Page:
How to Score Great Panelists for Your Next Panel Discussion


shutterstock_277372325You want your panelists to be DEEP (Diverse, have the expertise, be eloquent and prepared), but don’t settle for warm leftovers.  Aim high!

After all, if you don’t ask the people you really want to have on the panel, they can’t possibly say “yes.”

Put yourself in the audience’s shoes. Who would they want to hear?   Ask your organizational “heavy hitters” – those who are very visible, well-known, and respected within the audience – who you should ask to be on the panel.

Invite the featured keynote speaker to be part of a panel discussion about the conference theme.

Google the “newsmakers” and invite them to participate either directly or ask someone in your network who knows them to invite them.

Look at your network and ask people you respect and admire to participate. Industry analysts, bloggers and journalists are good choices.

Put out a call for panelists on your social networks.

Here are some ways to “sweeten the pot” to get them to say yes:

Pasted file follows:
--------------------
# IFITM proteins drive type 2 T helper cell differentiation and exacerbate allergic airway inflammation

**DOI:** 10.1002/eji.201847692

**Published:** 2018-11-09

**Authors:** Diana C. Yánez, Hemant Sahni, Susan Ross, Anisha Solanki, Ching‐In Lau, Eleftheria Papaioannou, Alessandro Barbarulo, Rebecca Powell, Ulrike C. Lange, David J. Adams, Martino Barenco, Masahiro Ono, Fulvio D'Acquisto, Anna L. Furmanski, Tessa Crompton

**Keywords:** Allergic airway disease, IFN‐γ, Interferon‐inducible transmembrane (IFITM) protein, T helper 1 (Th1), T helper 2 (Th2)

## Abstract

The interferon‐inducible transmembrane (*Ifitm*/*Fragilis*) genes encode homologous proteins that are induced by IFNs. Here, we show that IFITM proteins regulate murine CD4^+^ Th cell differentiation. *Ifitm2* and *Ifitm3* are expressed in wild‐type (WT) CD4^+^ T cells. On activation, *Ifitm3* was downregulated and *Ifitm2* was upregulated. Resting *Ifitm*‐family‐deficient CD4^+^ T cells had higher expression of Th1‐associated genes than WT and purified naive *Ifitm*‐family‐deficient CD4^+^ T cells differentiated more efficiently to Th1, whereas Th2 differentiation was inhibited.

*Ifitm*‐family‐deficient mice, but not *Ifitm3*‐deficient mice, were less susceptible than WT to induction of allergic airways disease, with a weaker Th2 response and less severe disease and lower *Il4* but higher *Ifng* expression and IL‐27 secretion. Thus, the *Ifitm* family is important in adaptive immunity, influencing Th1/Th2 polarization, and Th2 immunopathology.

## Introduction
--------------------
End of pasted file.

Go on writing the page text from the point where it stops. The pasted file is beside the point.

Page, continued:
• If they are an author, offer to do a book signing
  • If they are a speaker, offer to professionally videotape the session (it’s always hard to get good, high-quality video!)
  • If they are a blogger, influencer or thought leader, offer to make specific media mentions about the event AND something they care about (e.g. their blog or upcoming public event)
  • If PR is important to them, offer an extra press-only session
  • If they are interested in making valuable connections, offer to host a “meet the panelists’ reception/dinner” or host an extra-special VIP private dinner
  • If they are looking for more visibility, offer to share (or even help them create) a case study about how their customers have been successful using their product or service.

Don’t settle for the usual suspects.  Delight the audience by aiming high – and bringing in new and fresh perspectives.

Make sure to share the podcast on how to move beyond “the usual suspects” and attract high-quality panelists for your next panel discussion.

Related Articles:

How to Organize a Panel Discussion

The Anatomy of a Powerful Panel Discussion

How to Find “D.E.E.P.” Panelists

How to Prepare to Be a Brilliant Panelist

For more information about how to moderate a lively & informative panel discussion, check out our free 7-part video series or our other resources to help you organize, moderate, or be a panel member.

Photo by fauxels

KRISTIN ARNOLD, MBA, CSP, CPF|Master has been facilitating meaningful conversations between executives and managers to make better decisions and achieve extraordinary results for 25+ years. She's a leading authority on moderating panel discussions and passionate about finding the perfect olive to complement a vodka martini.